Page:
17 Oct 22 by Sourced



Probation periods are set out by employers to determine whether or not there is a good fit between parties. For most people, it’s an extension of the application process and passing the probationary period means that you have been successful in securing the position long-term. During this time, your employment can be terminated at shorter notice than usual, but that works both ways for you and the employer.


If you’re wondering what it means to be on a probationary period, what your rights are, or if you have any other concerns, we’ve put together a list of questions that are most commonly asked when it comes to probation periods, along with the answers you’re looking for.

Common Questions About Probation Periods

How Long Will Probation Last?

Probation periods can last any time, though typically range from 3-6 months. The length of the period must always be stated in the contract that you signed when you were offered the role.


The length of time you’re on a probation period can also depend on your contract type. As a permanent employee, it’s usually as above – three to six months – but if you are on a temporary contract it can be as little as a week. Some employers also may choose to extend a probationary period; but not without you agreeing to it, first.


If there is a possibility that it may be extended it’ll be written in your employment agreement and before any extension is confirmed, you have to be consulted.

What are my Rights as a Probationary Employee?

If you’re on probation, you are entitled to the same rights and benefits as any other employee under New Zealand employment law. Probationary employees may file a personal grievance claim if they feel they are being treated unfairly.


As you will receive the same pay and leave entitlements as non-probationary employees, unfair dismissal laws still apply. Employers must treat probationary employees the same as any other employee, and cannot make threats to their continued employment based on their probationary status.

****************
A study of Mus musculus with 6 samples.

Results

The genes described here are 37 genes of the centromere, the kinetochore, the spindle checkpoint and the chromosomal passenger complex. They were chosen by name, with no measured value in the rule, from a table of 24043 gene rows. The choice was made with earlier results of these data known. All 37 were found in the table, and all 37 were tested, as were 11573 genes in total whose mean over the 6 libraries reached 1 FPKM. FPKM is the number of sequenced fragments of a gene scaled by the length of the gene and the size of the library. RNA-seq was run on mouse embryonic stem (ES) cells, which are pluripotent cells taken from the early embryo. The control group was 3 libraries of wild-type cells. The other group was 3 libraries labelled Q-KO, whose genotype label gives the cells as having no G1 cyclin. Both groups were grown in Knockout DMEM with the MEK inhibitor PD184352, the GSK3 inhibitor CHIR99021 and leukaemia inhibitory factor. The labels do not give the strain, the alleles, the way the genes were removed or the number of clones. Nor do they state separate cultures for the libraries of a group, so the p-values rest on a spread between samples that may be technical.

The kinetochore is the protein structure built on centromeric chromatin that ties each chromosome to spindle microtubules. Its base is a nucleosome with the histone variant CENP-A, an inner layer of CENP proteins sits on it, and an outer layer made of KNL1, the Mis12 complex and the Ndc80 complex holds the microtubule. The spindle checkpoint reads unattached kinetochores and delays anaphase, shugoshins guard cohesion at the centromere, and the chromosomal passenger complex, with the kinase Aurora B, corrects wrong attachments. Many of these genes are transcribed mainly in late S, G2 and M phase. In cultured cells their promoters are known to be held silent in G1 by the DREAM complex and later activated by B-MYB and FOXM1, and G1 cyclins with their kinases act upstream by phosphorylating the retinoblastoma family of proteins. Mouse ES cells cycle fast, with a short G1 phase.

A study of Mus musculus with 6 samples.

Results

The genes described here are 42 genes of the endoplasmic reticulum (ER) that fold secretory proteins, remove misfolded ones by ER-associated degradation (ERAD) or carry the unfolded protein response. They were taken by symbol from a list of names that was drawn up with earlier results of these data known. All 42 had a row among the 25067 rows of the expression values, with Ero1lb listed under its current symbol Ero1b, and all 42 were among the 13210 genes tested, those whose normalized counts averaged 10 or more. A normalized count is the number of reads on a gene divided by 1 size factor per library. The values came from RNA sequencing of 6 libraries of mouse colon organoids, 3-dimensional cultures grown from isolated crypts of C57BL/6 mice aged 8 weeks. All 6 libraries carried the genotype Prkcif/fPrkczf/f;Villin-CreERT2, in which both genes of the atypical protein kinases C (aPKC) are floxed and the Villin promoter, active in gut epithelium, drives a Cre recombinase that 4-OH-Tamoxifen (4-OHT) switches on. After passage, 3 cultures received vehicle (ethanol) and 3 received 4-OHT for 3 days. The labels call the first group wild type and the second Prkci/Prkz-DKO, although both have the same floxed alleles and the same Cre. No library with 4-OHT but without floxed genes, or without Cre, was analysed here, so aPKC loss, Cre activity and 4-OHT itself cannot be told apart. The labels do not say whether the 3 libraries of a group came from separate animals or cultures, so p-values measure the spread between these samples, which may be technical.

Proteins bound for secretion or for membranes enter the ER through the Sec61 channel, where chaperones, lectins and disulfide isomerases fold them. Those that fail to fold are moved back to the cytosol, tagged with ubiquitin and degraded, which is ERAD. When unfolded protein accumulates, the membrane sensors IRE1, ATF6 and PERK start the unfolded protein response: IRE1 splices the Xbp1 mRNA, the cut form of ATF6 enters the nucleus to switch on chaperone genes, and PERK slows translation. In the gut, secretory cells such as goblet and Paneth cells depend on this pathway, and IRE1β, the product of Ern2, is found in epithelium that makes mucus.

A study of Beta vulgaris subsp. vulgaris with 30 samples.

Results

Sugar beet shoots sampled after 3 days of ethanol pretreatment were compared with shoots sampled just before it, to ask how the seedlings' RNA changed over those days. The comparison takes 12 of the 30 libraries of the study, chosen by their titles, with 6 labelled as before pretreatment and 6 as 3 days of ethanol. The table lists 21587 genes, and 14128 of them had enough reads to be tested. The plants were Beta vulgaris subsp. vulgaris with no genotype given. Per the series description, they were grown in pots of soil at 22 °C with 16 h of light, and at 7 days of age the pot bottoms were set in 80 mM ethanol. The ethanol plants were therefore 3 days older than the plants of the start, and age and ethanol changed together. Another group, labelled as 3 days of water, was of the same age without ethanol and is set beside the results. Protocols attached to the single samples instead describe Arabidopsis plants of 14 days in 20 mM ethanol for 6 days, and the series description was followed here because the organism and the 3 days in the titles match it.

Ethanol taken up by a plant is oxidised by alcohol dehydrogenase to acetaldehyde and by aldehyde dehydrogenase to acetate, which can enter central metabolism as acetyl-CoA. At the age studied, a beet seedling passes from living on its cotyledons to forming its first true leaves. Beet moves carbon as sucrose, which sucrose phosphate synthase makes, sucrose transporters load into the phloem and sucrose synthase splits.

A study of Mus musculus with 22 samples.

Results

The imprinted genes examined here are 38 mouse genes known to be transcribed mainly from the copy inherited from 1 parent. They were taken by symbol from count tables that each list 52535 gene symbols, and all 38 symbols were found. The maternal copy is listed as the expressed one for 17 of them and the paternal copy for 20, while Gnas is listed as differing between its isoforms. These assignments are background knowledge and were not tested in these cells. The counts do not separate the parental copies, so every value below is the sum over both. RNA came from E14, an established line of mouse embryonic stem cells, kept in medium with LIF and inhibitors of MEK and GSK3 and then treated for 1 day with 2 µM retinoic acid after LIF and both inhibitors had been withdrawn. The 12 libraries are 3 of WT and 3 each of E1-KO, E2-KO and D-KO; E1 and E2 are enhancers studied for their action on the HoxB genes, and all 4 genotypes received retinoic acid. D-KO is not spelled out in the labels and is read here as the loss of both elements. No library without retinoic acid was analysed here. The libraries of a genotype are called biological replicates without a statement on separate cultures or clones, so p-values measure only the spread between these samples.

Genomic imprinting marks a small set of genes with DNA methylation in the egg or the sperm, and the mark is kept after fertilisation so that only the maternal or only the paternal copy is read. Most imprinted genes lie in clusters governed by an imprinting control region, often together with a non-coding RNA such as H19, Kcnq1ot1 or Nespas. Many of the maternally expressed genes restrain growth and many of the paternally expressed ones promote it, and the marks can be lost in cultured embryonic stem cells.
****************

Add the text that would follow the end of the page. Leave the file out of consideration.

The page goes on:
Is it the Same as a Trial Period?

Probationary periods and trial periods are similar, and employers use them for similar reasons, but there are slight differences in how they work.


Trial periods may only be used by an employer with 19 or fewer employees and for no longer than 90 days. Trial periods may only be applied to new employees, and not employees who are already employed by a company.


Unlike a probationary period, an employee on a trial period can’t bring a personal grievance claim for unfair dismissal if their employment is terminated. If you see ‘trial period’ instead of ‘probationary period,’ clarify it with your employer before you sign anything.

What are Some Reasons for a Dismissal During Probation?

Probationary employees are protected under unfair dismissal laws just like any other, and so your employer must provide valid reasons for choosing to terminate your employment. Employers must base their decision based on reasons such as:

  • Poor performance
  • Misconduct
  • Redundancy – the role is no longer necessary.


You are entitled to submit an unfair dismissal claim if you believe that:

  • Your performance assessment process was unfair
  • Your employer didn’t have a good reason for dismissing you
  • You did not receive the right support or training you needed to perform your role

What Happens at the End of my Probation Period?

Depending on how your probation period has gone, your employment may continue, or you may be dismissed.

  • If you pass your probation
    Your employment will continue as it was, as per your terms and conditions. The only difference is that your probation period is over. You might have an adjustment to how much notice you can give if you choose to resign from your position later, too.
  • If you don’t pass your probation
    If your employer intends to terminate your employment, they must give you a warning that they intend to do this. They must give you a chance to respond, and consider your response. If they still wish to proceed with termination, they must give you the amount of notice as stipulated in the employment agreement.

Summary

Finding a probationary period in your employment contract may feel daunting, so it’s important to remember that employees are still protected under unfair dismissal laws and that employers must give the right feedback and support throughout the period for the termination to be valid. It is also the case that the probation goes both ways, and you may also leave on shorter notice if you sense that the job isn’t right for you.


If you want to know more about the ins and of probation periods for tech jobs, what your rights are, or if you have any questions that aren’t covered here, make sure you reach out to our friendly team. As leaders in technology and digital recruitment in Auckland and Christchurch, we can offer expert advice on anything you need to feel at ease in your new tech job.